Pathogenesis of PACG: In the Genes?
Author: Jeannette Y. Wick, RPh, MBA, FASCP
An international consortium of researchers has discovered 3 genetic anomalies associated with primary angle closure glaucoma (PACG), which may help lead to the development of new treatments.
Primary angle closure glaucoma (PACG) has joined the long list of diseases for which genetic contributors have been identified. In a study
published in the October 2012 edition of Nature Genetics
, researchers identified 3 new genetic mutations associated with PACG, a leading cause of blindness affecting 15 million people worldwide, 80% of whom live in Asia or are of Asian descent. PACG blinds proportionately more people than primary open-angle glaucoma globally, and epidemiological studies have indicated one’s risk of developing it is strongly influenced by heredity.
In the study, an international consortium of researchers conducted a genome-wide association study in 2 stages. In the first stage, discovery, they looked at 1854 subjects with PACG cases and 9608 controls in Singapore, Hong Kong, India, Malaysia, and Vietnam. Stage 2, validation, added another 1917 PACG cases and 8943 controls collected from China, Singapore, India, Saudi Arabia, and the United Kingdom.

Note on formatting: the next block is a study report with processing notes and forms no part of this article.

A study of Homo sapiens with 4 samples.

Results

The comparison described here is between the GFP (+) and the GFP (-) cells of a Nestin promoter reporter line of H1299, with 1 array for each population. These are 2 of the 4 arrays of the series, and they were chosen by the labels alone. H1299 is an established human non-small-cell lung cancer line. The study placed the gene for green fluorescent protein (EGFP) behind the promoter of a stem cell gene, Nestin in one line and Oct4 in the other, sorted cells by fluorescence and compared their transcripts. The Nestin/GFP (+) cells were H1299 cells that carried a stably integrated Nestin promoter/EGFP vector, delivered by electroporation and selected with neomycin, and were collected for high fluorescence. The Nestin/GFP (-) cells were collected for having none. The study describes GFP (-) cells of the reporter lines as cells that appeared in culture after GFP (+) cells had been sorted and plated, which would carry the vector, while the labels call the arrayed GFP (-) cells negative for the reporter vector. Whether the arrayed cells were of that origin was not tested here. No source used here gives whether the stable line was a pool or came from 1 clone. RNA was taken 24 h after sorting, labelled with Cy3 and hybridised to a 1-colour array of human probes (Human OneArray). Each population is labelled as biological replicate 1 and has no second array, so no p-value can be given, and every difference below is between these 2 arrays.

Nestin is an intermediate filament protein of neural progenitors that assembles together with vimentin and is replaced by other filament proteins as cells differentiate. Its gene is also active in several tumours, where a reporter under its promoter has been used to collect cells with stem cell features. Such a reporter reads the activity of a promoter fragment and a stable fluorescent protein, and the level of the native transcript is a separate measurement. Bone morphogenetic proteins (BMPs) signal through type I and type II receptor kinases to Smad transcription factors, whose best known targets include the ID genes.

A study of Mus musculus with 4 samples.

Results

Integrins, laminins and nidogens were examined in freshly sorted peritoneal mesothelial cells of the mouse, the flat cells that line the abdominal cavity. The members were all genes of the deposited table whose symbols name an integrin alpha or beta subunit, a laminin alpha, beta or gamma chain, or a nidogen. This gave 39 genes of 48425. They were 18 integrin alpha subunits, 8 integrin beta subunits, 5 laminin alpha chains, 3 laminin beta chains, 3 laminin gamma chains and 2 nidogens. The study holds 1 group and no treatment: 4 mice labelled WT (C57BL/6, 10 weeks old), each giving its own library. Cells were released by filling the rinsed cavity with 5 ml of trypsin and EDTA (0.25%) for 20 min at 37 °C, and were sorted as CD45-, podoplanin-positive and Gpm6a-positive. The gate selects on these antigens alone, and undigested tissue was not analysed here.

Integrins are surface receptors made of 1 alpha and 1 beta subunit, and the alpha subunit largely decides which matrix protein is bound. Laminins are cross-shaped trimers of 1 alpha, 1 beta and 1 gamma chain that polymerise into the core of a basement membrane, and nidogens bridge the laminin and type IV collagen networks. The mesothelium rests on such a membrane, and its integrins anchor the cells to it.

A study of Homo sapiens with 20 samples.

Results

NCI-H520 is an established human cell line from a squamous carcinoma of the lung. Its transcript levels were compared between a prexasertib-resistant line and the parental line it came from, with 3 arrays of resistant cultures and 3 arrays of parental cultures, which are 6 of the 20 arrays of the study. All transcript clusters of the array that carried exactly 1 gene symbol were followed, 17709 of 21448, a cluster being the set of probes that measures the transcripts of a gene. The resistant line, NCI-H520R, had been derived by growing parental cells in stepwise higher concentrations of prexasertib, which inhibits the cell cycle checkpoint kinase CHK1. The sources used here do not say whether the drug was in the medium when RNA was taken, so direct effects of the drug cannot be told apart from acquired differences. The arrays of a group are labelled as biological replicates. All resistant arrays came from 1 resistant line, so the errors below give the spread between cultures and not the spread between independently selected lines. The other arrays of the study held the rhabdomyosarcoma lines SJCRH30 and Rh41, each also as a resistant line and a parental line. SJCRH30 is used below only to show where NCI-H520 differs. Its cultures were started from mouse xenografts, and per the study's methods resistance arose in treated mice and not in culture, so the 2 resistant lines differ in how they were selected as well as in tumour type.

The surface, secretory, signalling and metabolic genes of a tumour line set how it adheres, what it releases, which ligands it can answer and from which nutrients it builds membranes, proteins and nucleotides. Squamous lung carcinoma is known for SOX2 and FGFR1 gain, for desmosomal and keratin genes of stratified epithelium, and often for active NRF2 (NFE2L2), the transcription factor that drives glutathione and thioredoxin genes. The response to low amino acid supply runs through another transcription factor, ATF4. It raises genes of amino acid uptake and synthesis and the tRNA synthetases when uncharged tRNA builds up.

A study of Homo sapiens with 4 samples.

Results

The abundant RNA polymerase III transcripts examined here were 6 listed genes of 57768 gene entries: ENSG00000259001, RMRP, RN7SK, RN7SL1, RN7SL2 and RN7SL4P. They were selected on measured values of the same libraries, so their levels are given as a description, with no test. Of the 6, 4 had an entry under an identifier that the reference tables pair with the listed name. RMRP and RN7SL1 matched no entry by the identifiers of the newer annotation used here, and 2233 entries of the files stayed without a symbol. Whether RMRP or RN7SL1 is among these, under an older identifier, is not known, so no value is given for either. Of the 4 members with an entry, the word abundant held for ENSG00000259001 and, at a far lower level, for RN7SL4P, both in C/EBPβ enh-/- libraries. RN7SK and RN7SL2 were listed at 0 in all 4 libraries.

The team found that a significantly increased risk of developing PACG was associated with anomalies at 3 points in the human genome, known as single-nucleotide polymorphisms (SNPs). The discovery of these genetic markers may help lead to the development of new treatments for PACG by indicating genes that encode for possible targets for new drugs or biologics. At some point, researchers may be able to genotype patients and determine which treatments are more likely to lead to symptom response for them.
The prevalence of PACG is particularly high among older Asians, and the number of people worldwide with the condition will increase dramatically in the coming decades. All health care providers need to heighten their awareness of this condition and its close association with Asian heritage.
Ms. Wick is a visiting professor at the University of Connecticut School of Pharmacy and a freelance writer from Virginia.